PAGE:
Tokelau, NZ agree on steps to self-determination
Tokelau, NZ agree on steps toward self-determination
Agreement on Tokelau’s further political evolution, and the process to be followed, was reached during a meeting with the territory's Council for Ongoing Government this afternoon, says Foreign Minister Phil Goff.
“The Council believes the time is ripe for Tokelau to consider an act of self-determination based on self-government in free association with New Zealand, and the New Zealand government fully agrees with that,” Mr Goff said.
"New Zealand's approach has always been to encourage and support our overseas territories to become as self-reliant as they felt able to be.
“The key elements to be included in a Treaty of Free Association were agreed during the meeting. The next step will be to produce a draft treaty text and annexes for further consideration in both Tokelau and Wellington. Once the text is agreed, an act of self-determination will be held under United Nations supervision.
"Self-determination will not involve significant change in any practical sense, as Tokelau already runs itself in most respects. It has its own legislative body, executive council, and judicial system; runs its own budget, and manages all its public services.
"Tokelauans will still be entitled to New Zealand citizenship and will continue to receive our economic and technical support.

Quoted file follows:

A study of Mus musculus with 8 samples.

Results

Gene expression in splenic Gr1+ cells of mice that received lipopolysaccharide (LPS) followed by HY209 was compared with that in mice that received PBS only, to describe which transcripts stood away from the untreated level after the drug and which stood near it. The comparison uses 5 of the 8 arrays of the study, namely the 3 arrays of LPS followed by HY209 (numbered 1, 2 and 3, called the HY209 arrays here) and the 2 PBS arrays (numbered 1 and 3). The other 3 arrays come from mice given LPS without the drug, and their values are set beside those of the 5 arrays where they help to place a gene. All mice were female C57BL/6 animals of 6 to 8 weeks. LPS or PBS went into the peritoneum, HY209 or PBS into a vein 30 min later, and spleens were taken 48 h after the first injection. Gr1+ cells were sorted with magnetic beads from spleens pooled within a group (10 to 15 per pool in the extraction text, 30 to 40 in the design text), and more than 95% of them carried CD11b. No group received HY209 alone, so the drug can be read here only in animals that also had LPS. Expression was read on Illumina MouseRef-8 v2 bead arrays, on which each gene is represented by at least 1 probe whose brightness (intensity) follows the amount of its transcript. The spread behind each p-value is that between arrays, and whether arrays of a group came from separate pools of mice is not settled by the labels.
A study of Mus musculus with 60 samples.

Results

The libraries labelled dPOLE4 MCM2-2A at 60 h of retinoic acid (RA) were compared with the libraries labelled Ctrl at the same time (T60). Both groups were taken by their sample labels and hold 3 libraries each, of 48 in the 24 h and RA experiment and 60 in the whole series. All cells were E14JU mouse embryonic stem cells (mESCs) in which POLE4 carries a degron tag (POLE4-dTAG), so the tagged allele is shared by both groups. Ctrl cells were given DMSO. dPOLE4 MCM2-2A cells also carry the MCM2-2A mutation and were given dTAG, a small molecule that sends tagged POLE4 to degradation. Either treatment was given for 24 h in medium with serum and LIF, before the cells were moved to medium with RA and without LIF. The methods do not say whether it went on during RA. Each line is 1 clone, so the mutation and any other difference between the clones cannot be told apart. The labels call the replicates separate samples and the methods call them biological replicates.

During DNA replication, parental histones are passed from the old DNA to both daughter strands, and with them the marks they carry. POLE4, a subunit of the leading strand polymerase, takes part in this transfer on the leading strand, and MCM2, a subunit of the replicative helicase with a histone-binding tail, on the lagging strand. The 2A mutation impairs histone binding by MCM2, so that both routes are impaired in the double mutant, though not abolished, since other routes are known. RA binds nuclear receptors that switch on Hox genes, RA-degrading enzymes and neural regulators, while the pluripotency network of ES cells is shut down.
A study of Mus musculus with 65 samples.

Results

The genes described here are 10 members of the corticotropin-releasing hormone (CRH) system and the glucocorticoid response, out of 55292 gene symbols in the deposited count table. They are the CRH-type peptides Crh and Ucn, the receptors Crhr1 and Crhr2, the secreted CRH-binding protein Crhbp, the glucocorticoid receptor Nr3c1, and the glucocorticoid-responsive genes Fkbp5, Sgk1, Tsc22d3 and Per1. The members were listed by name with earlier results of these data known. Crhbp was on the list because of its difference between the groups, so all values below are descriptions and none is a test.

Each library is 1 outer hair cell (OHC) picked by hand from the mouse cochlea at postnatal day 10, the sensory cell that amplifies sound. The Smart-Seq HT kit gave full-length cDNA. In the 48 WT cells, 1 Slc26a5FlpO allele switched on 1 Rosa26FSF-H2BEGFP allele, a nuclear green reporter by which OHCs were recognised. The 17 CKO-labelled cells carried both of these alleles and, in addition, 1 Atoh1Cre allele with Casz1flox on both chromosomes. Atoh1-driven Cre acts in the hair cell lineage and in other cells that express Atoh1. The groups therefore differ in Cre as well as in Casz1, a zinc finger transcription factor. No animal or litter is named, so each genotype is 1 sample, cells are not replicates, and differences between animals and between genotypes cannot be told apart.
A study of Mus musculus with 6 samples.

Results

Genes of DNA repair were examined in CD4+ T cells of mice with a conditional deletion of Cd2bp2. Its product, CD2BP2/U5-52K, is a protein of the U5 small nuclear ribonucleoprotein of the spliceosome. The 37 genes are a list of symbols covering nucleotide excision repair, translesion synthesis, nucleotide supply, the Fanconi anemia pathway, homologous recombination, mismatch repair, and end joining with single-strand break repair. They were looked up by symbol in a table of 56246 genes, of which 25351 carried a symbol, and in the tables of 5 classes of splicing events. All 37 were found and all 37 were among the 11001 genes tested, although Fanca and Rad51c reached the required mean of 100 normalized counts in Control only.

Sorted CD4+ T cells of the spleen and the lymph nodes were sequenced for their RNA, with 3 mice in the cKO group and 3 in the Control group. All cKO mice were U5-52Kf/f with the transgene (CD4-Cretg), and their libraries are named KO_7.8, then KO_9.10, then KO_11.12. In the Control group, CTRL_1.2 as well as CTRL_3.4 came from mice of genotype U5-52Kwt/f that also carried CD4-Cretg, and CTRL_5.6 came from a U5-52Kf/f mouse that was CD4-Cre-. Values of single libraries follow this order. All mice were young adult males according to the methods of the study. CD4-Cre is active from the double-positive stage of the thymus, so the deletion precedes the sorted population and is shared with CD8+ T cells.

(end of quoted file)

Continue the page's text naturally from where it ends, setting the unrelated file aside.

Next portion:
“It means New Zealand and Tokelau will have a more equal partnership. For Tokelau, it is essentially a recognition and formalisation of the status quo. It will, however, open the way for Tokelau to receive greater assistance from regional partners and the international community," Mr Goff said.
Today's meeting also saw the signing of a Deed establishing an International Trust Fund for Tokelau. The fund, which already has pledged contributions totalling $NZ7.5 million, is designed to provide Tokelau with an independent source of revenue, and will be allowed to build up for the first five years at least.
"The fund will be managed by a board jointly appointed by Tokelau and New Zealand. The idea sits well with Tokelau's move towards greater political self-reliance, and hopefully overseas donors will make contributions to the fund as Tokelau moves within sight of self-determination," Mr Goff said.